HARI SREENIVASAN: The Super Tuesday results cost one former presidential candidate his seat in Congress. Ohio Democrat Dennis Kucinich lost in the state's Democratic primary last night. He was one of the most liberal members in the U.S. House, and had represented the Cleveland area since 1997. Kucinich was beaten by Democratic Congresswoman Marcy Kaptur, after redistricting forced them into the same district.
President Obama issued a new appeal today to wean the nation from its dependence on oil. He said it would mean lower gas prices. The president spoke at a Daimler truck plant in North Carolina. He called again for developing American wind, solar and nuclear power and more efficient engines.
PRESIDENT BARACK OBAMA: We can place our bets on the fuel of the past, or we can place our bets on American know-how and American ingenuity and American workers like the ones here at Daimler.
BARACK OBAMA: That's the choice we face. That's what's at stake right now.
HARI SREENIVASAN: The president also urged Congress to provide $1 billion in grants for cities to buy and use vehicles with advanced technologies.
Wall Street rebounded today from Tuesday's big losses. The Dow Jones industrial average gained 78 points to close at 12,837. The Nasdaq rose 25 points to close at 2,935.
In Syria, the Red Crescent got into the devastated Baba Amr section in the city of Homs, a week after a government siege ended there. The relief group said most civilians had fled the area. Syrian state television broadcast video showing cleanup efforts. The government claimed terror groups were behind the destruction. The U.N. humanitarian chief, Valerie Amos, was also allowed to visit Baba Amr as she began a three-day mission to Syria.
In Washington, Pentagon leaders counseled caution over intervening militarily in Syria. Defense Secretary Leon Panetta appeared at a Senate hearing, and was challenged by Republican John McCain of Arizona. McCain has called for U.S. airstrikes against the Syrian military, and he pressed Panetta on the issue.
SEN. JOHN MCCAIN, R-Ariz.: Can you tell us how long -- how much longer the killing would have to continue, how many additional civilian lives would have to be lost in order to convince you that the military measures of this kind that we are proposing necessary to end the killing and force -- to leave power, how many more have to die, 10,000 more, 20,000 more?
SECRETARY OF DEFENSE LEON PANETTA: Before I recommend that we put our sons and daughters in uniform in harm's way, I've got to make very sure that we know what the mission is. I've got to -- I have got to make very sure that we know whether we can achieve that mission, at what price, and whether or not it will make matters better or worse.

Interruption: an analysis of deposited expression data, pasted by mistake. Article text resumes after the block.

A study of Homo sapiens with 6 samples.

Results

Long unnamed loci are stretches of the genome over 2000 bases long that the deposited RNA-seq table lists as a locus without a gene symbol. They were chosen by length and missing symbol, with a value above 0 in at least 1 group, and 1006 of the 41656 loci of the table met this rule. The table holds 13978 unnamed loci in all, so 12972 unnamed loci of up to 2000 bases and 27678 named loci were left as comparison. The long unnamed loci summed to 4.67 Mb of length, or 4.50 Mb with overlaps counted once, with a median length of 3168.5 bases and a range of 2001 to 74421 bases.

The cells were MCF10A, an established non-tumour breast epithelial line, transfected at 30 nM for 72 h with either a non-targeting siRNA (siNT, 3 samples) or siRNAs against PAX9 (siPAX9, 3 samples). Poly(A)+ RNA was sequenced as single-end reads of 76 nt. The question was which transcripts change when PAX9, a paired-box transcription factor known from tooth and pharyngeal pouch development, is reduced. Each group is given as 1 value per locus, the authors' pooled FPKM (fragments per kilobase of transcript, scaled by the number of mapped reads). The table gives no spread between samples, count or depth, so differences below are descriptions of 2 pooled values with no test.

HARI SREENIVASAN: The chairman of the Joint Chiefs of Staff, Army General Martin Dempsey, said the U.S. military would be ready if the president orders a strike on Syria.
British forces in Afghanistan suffered their worst losses in years on Tuesday night. Half-a-dozen soldiers were patrolling in the Helmand Province when an explosion tore into their armored vehicle, killing all of them.
We have a report narrated by Chris Ship of Independent Television News.
CHRIS SHIP: This is the dusty track just off the main highway through Helmand Province, where yesterday six British soldiers lost their lives.
Two military cranes now stand over the remains of the vehicle they were in. This bomb was so big, even the Warrior, one of the best armored vehicles available to the British army, could not protect those inside.
This is the type of armored vehicle which was hit in what is the biggest single loss of life here for the British since 2006. In one day and in one explosion, the total number of British troops killed in Afghanistan both reached and then exceeded 400.
DAVID CAMERON, British prime minister: This is a desperately sad day for our country and desperately sad, of course, for the families concerned.
CHRIS SHIP: The U.K.'s 10,000 troops in Afghanistan cannot and will not digest this news lightly, but Britain's most senior officer said tonight it will not distract any of them from the mission.
GEN. SIR DAVID RICHARDS, chief of defense staff: I can tell you their resolve is, if anything, stiffening, for two reasons, one, to make sure that those lives are not lost in vain and all the others that have died in this campaign, but also because we all believe it's all about protecting our own security.
CHRIS SHIP: In Camp Bastion, the main British base, they remember the fallen at this memorial, where they will also reflect on how many more tours must be completed before, in 2014, the combat mission will end.
HARI SREENIVASAN: Two bombings, one right after the other, killed 14 people today in Northern Iraq. More than 20 others were wounded. Officials said a car bomb went off near a crowded restaurant in Tal Afar. When a crowd gathered, a suicide bomber blew himself up. The city was a center of the insurgency in Iraq in the first years after the U.S. invasion.
Those are some of the day's major stories.